Numlock News: January 21, 2021 • Olympics, Pokémon, El Camino Real
By Walt Hickey
Catch Em All
An unopened box of first edition Pokémon cards sold for $408,000 at auction, yet again proving that my investing acumen peaked at age 9, and nothing I have learned since would supplant the inherent wisdom of “I should own more Pokémon cards.” Pokémon paraphernalia has been setting records at auction houses, as “wealthy” and “nostalgic” form an incredibly expensive hobby for some after months of lockdown pressure. In October a Charizard card sold for $183,000, and just last weekend an incredibly rare Blastoise sold for $360,000.
Saturday NASA attempted a test of the core stage of the new Space Launch System, an enormous rocket that is poised to serve as the launch vehicle for NASA’s new crew vehicle, Orion. The hotfire test in Mississippi put the four RS-25 engines at the base of the core stage through its paces, planning to fire the rocket for eight minutes, but just over one minute in the engines shut off. The result, according to the program manager, was that the hydraulic system that pivots the engines during steering had an issue, which would not provoke an interruption in an actual flight. The issue now for NASA is to determine whether they need to do another test of the rocket — this was the eighth and final test before it was going to be sent to Florida to prepare for launch — and one issue is that the core propellant tanks can only be filled nine times, and so far they have been filled three times.
The Tokyo Olympics are slated to begin on July 23, and while organizers are full speed ahead on the event there are obvious headwinds for enormous collections of people converging to one place during a global pandemic. Prime Minister Yoshihide Suga wants pretty much everyone in the country vaccinated by the 23rd, and the government has secured enough vaccines to do so, though it has not received regulatory approval, and they haven’t started vaccinations. Still, a poll from Tokyo Broadcast System conducted this month found that only 13 percent of the public thinks the games should take place as planned, which is down from 28 percent in November.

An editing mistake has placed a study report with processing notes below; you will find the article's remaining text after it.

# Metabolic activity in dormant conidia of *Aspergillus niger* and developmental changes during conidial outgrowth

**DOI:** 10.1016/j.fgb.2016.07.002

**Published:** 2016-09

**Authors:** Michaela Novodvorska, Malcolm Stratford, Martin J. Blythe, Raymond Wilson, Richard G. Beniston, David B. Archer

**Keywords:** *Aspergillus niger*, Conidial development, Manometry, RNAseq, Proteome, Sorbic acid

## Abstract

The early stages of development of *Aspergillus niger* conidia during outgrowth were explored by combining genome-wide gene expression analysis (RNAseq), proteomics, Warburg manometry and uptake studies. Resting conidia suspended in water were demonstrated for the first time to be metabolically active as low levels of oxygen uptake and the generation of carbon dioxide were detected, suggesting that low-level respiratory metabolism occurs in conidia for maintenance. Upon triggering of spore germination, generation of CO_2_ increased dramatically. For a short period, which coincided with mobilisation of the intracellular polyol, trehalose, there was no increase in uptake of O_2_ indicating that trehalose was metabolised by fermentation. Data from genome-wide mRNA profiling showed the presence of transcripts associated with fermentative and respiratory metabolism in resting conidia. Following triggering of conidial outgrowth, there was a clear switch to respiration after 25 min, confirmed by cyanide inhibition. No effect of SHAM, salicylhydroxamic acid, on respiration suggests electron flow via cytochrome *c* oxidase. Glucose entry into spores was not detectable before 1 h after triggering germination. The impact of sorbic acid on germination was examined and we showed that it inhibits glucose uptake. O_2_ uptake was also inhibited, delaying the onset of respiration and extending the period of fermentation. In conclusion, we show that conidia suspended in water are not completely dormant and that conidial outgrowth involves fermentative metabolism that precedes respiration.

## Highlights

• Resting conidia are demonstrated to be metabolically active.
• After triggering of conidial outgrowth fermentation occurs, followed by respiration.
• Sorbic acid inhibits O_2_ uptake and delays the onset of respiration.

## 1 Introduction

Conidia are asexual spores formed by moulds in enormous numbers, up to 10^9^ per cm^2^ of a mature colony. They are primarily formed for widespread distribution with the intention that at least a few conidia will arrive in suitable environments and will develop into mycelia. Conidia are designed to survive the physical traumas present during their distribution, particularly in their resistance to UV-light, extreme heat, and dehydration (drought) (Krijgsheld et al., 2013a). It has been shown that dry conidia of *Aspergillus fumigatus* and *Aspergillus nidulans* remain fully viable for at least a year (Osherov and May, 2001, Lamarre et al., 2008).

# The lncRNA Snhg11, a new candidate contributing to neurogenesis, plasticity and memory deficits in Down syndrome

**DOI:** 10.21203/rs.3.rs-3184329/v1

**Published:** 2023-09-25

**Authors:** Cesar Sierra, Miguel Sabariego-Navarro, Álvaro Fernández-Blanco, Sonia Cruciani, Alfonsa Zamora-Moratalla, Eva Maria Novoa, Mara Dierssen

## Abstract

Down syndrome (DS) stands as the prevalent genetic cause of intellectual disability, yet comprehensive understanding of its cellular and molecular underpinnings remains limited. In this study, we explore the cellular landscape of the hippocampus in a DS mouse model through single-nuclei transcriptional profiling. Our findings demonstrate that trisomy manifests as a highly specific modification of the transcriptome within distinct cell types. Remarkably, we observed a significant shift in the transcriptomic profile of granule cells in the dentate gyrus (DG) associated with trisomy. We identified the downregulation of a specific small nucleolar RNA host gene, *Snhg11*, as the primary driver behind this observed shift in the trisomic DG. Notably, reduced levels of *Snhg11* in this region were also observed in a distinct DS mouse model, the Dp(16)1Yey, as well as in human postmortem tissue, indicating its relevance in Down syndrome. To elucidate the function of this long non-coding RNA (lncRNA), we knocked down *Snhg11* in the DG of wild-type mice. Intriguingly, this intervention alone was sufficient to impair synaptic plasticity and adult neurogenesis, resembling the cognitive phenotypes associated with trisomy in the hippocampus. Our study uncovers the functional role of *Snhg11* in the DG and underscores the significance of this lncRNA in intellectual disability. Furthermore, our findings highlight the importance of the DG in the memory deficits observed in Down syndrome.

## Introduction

As it stands, 70 percent of the American Southwest is in a state of extreme drought or worse. Las Vegas has seen rain on just two occasions in the past 273 days, while Phoenix, Arizona had just 15 rainy days in 2020. Later this week, forecasters are projecting a respite, with three to four separate storms coming to California, Nevada and Arizona in the last two weeks of January. This is the most favorable rainfall window in 10 months, though too much all at once may be an issue: Imperial, California averages less than 2.5 inches per year, but could get two to three inches over the next several days. In the long term, this will also likely increase the snowpack in the Sierra Nevada mountain range, whose melt is responsible for 30 percent of California’s fresh water.
An UrbanFootprint study of El Camino Real, a 600-mile historic road running from San Francisco to San Diego, found that much of the commercial real estate there could theoretically host 300,000 new housing units. The main thing standing in the way is zoning preventing parking lots and big box stores from becoming low-rise apartment complexes. Housing could not be more of a critical issue in California: according to the California Housing Partnership, the state needs 1.3 million more affordable rental units, and the housing shortage in the state is 2.5 million to 3 million units. Despite that, 40 percent of commercial zones in the 50 largest metros in the state forbid residential development, but as large sprawling commercial zones become less necessary or sustainable with e-commerce, that’s a problem.
Today there are three COVID-19 vaccines that have been given emergency authorization by either the United States or the U.K., the Pfizer/BioNTech mRNA vaccine, the Moderna mRNA vaccine, and the AstraZeneca and University of Oxford vaccine, which is more conventionally designed. China, India and Russia have all come out with vaccines, but they haven’t been authorized widely. While these will help in acute, early responses to the pandemic, more help is on the way. Right now there are 240 novel vaccine candidates in development — many taking completely different angles to attack the virus — and they may very well become cheaper to make, more versatile in combating possible variants or easier to distribute as the reaction to the pandemic goes on.
Germany’s cabinet has signed on to legislation that will make the country the first in the world to ban the common agricultural process of slaughtering day-old male chicks, mandating the use of technology to prevent male chicks from being born in the first place. In Germany alone, 45 million male chicks are killed every year because they can’t lay eggs and are considered unsuitable for meat production. This shift will likely increase the price of eggs, but will make Germany the first country to end a practice that animal rights advocates have long argued is cruel and ethically unacceptable.